1. INTELLECTUAL PROPERTY RIGHTS IN SPORT: VICTORIES FOR COLE AND BEDFORD
The cases of Joe Cole and David Bedford illustrate the growing awareness and need felt by sports personalities to protect their image, goodwill or popularity from unauthorised commercial use and exploitation. These cases underline the use of intellectual property rights to protect legitimate interests in the absence of specific personality or image rights in UK.
2. THE MUSIC INDUSTRY TAKES ACTION AGAINST PARALLEL IMPORTS
The British Phonographic Industry is taking action against online retailers selling CDs sourced outside the European Economic Area. In January it reached a favourable settlement with CD WOW!, an online CD retailer, over parallel imports.
3. GOOGLE DEMANDS BOOBLE CHANGE ITS NAME
The most popular Internet search-engine, Google, which accounts for more than 70% of the global search engine market, has demanded the new adult Internet search-engine Booble change its name and refrain permanently from using a variation of Google’s name.
4. NELLIE THE ELEPHANT PART 1
The UK Trade Marks Registry has rejected an application by Dash Music to declare invalid the “Nellie the Elephant” trade mark even though they own the copyright to the well known children’s song.
5. NEW PATENTS BILL INTRODUCED INTO THE HOUSE OF LORDS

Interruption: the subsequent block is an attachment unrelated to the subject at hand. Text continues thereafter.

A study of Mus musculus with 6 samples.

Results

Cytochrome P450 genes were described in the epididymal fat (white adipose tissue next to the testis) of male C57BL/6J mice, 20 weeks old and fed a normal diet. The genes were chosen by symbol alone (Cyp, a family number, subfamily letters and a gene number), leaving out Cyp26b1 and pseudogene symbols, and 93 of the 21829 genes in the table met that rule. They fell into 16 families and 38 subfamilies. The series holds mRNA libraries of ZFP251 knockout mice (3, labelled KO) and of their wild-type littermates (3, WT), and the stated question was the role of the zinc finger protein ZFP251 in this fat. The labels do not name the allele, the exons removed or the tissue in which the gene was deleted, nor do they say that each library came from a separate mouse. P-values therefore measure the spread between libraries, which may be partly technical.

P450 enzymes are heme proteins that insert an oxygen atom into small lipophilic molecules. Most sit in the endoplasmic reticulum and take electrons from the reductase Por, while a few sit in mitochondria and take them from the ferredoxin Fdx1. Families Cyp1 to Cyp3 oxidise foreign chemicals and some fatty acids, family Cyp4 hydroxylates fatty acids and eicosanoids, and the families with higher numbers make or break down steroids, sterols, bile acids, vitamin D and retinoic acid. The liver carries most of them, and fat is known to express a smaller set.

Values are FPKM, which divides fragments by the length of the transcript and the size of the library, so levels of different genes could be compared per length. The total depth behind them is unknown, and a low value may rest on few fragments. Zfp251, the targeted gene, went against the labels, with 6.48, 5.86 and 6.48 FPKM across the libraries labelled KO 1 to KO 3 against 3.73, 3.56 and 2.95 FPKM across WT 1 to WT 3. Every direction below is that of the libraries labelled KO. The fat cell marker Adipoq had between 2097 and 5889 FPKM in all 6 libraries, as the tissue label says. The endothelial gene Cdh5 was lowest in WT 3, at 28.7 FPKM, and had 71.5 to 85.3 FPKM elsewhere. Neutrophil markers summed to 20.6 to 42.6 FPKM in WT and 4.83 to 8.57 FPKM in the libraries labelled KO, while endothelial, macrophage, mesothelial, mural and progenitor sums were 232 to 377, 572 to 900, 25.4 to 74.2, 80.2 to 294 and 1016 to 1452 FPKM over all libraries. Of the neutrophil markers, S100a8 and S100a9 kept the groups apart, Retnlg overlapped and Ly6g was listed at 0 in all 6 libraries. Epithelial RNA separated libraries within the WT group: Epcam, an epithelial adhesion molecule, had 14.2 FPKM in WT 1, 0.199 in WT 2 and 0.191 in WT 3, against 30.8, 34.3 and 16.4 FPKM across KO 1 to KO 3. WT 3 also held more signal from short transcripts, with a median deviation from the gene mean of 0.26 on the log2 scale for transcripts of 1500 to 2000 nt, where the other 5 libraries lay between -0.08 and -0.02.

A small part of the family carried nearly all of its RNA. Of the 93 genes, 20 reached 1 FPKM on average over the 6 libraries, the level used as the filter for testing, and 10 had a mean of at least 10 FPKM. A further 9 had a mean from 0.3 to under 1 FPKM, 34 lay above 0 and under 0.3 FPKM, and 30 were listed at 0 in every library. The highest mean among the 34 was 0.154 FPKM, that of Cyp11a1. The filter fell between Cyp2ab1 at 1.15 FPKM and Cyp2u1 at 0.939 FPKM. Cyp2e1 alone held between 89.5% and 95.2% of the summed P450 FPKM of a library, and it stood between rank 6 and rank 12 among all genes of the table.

A Patents Bill has been introduced by Lord Sainsbury, the Minister for Science and Innovation, to bring the Patents Act 1977 into line with recent changes to the European Patent Convention. It will be called the Patent Act 2004 but will only amend the Act. The Bill results from a consultation procedure in 2003 by the UK Patent Office, but some of the drafting does not reflect that envisaged by the UKPO.
6. EUROPEAN COMMISSION PROPOSES COMMUNITY PATENT COURT
The EC has finally presented its proposals for establishing the Community Patent Court, which will have exclusive jurisdiction in dealing with the issues of infringement and validity of Community Patents. This will ensure enhanced legal certainty and harmonisation of patent law and procedures, while avoiding much of the expenses and inconvenience for future applicants seeking patent protection in EU.
7. NELLIE THE ELEPHANT PART 2
At the second time of asking, the UK Trade Marks Registry has revoked the “Nellie the Elephant” Trade Mark on the basis of “non-use”.
8. NICHOLS PLC V REGISTRAR OF TRADE MARKS
The UK trade marks registry has a long standing practice of accepting rare surnames as trade marks but refusing registration to those which are common surnames. This case considers whether or not this practice complies with the Trade Mark Directive 89/104/EC requirement that surnames be treated as any other type of mark.
9. THE MINT HAS A HOLE – THE CASE HAS A HOLE
In Mars UK Ltd v Societe des Produits Nestlé SA the question arose as to the scope of permissible amendments to a trade mark application. Nestlé, having earlier in the year been refused “Have a Break” by the Court of Appeal, although subject to a reference to the ECJ, were chancing their arm by seeking to register a graphical or three dimensional trade mark, the shape of the well known Polo mint but without the word “Polo” on it.
McDermott, Will & Emery would like to acknowledge the invaluable contribution to the Bulletin made by Lucas Arrivillaga, Afegieme Komolafe, Malcolm Langley, James Mitchiner, Rajesh Sagar, Ilanah Simon and Daphne Zografos from the Queen Mary Intellectual Property Research Institute, University of London.